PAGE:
Chinese patient is first to be treated with CRISPR-edited cells

illustration of scissors cutting DNA

Researchers used molecular scissors called CRISPR/Cas9 to engineer immune cells that were then injected into a patient with lung cancer, Nature reports.


Chinese scientists have injected a person with CRISPR/Cas9-edited cells, marking the first time cells altered with the technique have been used in humans. Researchers used the powerful gene editor to alter immune cells to fight lung cancer, Nature reports November 15.

Immune cells called CAR-T cells have already been engineered using other gene-editing technologies. A baby’s leukemia was successfully treated in 2015 with CAR-T cells engineered with gene editors known as TALENs.

Chinese researchers led by oncologist Lu You of Sichuan University in Chengdu got approval to conduct the new trial this summer. U.S. researchers have gotten clearance to begin similar clinical trials.

You’s team removed immune cells from a patient with lung cancer. They then used CRISPR/Cas9 as molecular scissors to cut and inactivate the PD-1 gene in T cells. That gene’s protein usually holds immune cells back from attacking tumors. The hope is that the edited cells will now go on the offensive and help the patient fight cancer. Researchers plan to give the patient a second dose of engineered cells, Nature reports.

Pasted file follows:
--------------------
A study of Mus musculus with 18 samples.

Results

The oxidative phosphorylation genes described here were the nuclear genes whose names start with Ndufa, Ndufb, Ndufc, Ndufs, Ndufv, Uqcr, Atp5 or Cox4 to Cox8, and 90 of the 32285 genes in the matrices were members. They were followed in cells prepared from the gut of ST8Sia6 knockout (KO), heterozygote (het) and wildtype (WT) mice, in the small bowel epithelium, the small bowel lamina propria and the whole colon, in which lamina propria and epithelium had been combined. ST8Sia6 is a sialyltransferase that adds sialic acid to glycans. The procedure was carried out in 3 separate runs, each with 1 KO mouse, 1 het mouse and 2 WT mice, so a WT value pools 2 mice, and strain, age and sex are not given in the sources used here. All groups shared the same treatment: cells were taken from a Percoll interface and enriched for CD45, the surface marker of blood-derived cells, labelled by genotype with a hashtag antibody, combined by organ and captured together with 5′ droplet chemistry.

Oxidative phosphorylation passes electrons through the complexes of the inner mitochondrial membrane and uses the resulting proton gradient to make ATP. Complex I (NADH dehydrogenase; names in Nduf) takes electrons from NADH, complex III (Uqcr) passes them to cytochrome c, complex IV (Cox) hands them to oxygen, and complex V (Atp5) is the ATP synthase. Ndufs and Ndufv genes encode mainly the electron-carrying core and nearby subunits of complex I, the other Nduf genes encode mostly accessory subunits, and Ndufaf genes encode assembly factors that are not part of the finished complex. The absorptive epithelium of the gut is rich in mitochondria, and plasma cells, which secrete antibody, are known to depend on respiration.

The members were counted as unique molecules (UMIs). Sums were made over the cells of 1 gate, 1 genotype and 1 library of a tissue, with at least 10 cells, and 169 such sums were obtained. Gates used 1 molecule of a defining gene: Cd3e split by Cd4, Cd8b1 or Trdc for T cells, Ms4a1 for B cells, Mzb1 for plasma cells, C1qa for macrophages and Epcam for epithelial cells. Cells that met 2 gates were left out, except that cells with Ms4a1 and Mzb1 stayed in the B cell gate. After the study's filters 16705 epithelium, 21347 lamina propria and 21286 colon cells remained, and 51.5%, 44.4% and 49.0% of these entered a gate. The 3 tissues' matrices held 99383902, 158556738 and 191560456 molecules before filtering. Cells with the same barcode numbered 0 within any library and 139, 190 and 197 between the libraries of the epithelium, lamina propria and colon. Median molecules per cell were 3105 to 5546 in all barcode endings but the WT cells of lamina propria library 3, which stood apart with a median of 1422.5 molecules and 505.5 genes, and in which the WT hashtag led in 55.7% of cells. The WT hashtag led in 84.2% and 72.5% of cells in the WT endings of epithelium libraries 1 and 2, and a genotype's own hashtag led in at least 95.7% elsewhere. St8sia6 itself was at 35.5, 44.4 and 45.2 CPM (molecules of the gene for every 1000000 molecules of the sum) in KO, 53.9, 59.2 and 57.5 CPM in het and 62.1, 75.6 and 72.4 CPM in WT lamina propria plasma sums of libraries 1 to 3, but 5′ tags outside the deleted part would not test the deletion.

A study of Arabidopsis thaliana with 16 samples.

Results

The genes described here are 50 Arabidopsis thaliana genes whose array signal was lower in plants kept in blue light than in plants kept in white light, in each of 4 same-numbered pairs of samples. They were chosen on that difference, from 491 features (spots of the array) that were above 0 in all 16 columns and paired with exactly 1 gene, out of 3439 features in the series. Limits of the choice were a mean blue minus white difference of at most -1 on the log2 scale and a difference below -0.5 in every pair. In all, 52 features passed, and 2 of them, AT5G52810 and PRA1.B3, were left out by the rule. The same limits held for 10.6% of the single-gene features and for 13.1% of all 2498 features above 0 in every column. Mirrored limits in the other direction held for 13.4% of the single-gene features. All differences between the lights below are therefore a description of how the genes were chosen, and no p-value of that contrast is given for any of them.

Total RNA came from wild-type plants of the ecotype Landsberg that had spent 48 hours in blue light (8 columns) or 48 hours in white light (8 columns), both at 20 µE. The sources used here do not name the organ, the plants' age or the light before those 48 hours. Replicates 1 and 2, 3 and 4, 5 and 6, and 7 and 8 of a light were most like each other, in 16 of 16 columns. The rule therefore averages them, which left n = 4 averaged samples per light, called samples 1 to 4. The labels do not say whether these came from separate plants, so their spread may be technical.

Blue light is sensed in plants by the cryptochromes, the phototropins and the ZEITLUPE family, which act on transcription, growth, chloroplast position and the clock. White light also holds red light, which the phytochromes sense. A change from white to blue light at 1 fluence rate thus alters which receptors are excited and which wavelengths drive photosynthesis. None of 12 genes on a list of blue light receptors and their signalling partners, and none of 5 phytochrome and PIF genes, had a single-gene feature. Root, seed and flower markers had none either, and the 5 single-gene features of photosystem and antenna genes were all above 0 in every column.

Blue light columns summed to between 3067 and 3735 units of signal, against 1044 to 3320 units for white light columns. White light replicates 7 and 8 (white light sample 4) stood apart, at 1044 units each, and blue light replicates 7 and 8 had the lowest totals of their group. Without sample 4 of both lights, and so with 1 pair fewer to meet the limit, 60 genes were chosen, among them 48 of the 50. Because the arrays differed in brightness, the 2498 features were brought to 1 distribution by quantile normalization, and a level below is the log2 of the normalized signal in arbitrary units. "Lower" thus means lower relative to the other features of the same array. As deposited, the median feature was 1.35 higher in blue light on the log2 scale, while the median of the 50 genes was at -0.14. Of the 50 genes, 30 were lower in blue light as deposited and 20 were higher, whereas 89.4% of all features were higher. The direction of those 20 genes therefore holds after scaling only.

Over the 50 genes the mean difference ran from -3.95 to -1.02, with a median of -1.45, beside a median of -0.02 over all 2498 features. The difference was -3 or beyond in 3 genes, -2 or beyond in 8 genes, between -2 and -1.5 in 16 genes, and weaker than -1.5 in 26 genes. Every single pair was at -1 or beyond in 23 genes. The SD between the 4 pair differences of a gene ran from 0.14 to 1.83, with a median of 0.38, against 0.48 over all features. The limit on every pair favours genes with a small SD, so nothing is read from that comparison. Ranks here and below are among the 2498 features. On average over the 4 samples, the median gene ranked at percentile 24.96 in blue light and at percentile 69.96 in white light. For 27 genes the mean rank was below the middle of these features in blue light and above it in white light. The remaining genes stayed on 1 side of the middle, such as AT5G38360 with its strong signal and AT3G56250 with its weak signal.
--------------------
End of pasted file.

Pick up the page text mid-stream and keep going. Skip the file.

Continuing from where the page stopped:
The researchers’ progress with the technique could spark a space race–style biomedical competition between the United States and China, Carl June, an immunotherapist at University of Pennsylvania in Philadelphia, told Nature. “I think this is going to trigger ‘Sputnik 2.0,’” he said, hopefully improving the end product.

Tina Hesman Saey is the senior staff writer and reports on molecular biology. She has a Ph.D. in molecular genetics from Washington University in St. Louis and a master’s degree in science journalism from Boston University.